Phytonutrients (the pigments that give fresh foods their vibrant hues of red, green, purple, yellow and orange) do more than just make a pretty meal. They contain powerful antioxidant properties that can have a profound effect on total health.
While it’s true that some produce enjoyed by humans isn’t necessarily biologically appropriate (or even safe, in some cases) for canines, many fruits and vegetables are suitable for dogs to eat, and contain compounds that can help to provide protection against many of the ailments and diseases to which domestic dogs are prone. It’s fair to say that as research continues, more and more health benefits are likely to be uncovered and the list of species shown to benefit from them will increase too.
Benefits of Phytonutrients
Phytonutrients, also known as phytochemicals, have been shown to aid in protecting plants from environmental challenges and form part of a plant’s ‘immune system’. They help to protect plants from disease, insects, drought, excessive heat, ultraviolet rays, and poisons or pollutants in the air and soil.
Despite the fact that most phytonutrients are officially considered ‘non-essential nutrients,’ and their consumption isn’t essential for survival (most of them certainly aren’t included in the AAFCO nutrient profiles or other references that many vets and pet owners are familiar with), phytonutrients do seem to be essential for deep-seated good health, wellbeing, immunity - and probably, longevity. Some of the health benefits of consuming the phytonutrients contained in colorful foods, include enhancing immune system activity, protecting against cancer, supporting eye and heart health, improving communication between cells and repairing DNA damage. Antioxidants also help to slow down the signs of aging by cleaning up the by-products of oxidation which takes place within the body’s cells.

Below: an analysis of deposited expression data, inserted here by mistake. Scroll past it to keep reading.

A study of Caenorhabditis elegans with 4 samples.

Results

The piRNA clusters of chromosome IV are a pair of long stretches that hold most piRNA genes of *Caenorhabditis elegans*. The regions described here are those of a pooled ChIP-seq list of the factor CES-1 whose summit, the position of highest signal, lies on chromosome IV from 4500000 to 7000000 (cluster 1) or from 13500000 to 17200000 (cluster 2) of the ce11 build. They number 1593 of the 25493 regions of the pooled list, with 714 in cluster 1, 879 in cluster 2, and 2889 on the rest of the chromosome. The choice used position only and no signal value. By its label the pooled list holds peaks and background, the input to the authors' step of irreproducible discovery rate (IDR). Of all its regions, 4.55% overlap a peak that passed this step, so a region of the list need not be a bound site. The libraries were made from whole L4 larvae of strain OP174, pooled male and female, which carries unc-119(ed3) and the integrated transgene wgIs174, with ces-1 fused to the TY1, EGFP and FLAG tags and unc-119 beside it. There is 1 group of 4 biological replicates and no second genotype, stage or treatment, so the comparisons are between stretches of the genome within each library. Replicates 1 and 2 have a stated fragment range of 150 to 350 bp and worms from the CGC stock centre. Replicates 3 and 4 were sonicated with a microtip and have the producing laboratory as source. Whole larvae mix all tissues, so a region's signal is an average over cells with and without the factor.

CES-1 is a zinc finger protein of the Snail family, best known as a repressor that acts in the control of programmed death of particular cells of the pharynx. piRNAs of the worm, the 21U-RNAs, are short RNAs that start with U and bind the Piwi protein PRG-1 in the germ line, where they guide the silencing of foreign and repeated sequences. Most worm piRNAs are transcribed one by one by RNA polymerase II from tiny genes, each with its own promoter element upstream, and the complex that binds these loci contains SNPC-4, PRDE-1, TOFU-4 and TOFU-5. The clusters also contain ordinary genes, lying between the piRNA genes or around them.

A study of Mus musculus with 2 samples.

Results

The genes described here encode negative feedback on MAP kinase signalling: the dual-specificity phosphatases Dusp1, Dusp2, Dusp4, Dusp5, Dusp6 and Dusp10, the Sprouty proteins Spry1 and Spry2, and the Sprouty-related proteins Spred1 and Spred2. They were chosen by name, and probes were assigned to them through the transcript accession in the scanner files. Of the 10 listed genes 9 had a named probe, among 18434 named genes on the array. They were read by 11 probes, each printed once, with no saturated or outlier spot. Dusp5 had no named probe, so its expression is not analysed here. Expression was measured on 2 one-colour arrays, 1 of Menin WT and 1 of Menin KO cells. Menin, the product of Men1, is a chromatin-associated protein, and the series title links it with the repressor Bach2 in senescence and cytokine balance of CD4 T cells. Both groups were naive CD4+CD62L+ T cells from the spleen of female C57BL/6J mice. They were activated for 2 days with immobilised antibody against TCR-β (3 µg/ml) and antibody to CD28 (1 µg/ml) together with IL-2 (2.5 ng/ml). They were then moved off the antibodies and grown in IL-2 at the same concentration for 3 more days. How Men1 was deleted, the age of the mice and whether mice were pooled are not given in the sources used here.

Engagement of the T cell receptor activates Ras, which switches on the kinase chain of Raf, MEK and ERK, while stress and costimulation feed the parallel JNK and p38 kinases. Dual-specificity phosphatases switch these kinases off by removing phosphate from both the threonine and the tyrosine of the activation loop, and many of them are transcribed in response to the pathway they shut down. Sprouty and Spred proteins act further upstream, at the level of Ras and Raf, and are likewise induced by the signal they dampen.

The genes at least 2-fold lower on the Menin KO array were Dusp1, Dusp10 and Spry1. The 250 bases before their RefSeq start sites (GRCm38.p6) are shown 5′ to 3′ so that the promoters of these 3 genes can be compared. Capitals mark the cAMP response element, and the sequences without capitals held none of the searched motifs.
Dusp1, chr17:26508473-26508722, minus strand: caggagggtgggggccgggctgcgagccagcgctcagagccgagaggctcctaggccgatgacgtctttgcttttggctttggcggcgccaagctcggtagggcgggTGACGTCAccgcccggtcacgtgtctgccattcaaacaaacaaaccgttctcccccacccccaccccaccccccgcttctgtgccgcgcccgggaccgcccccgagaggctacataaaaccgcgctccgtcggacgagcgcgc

The study of phytonutrients is one of the most exciting areas of nutritional research being undertaken today, and is extending our knowledge of the health benefits of food, far beyond the macronutrients (protein, fat, carbohydrates and fiber) and micronutrients (vitamins and minerals) that we’ve studied historically. Some of the best-known phytonutrients are carotenoids (such as beta-carotene, lutein, lycopene and Zeaxanthin) and flavonoids (such as isoflavones, anthocyanins and flavones).
Read more at The Honest Kitchen blog.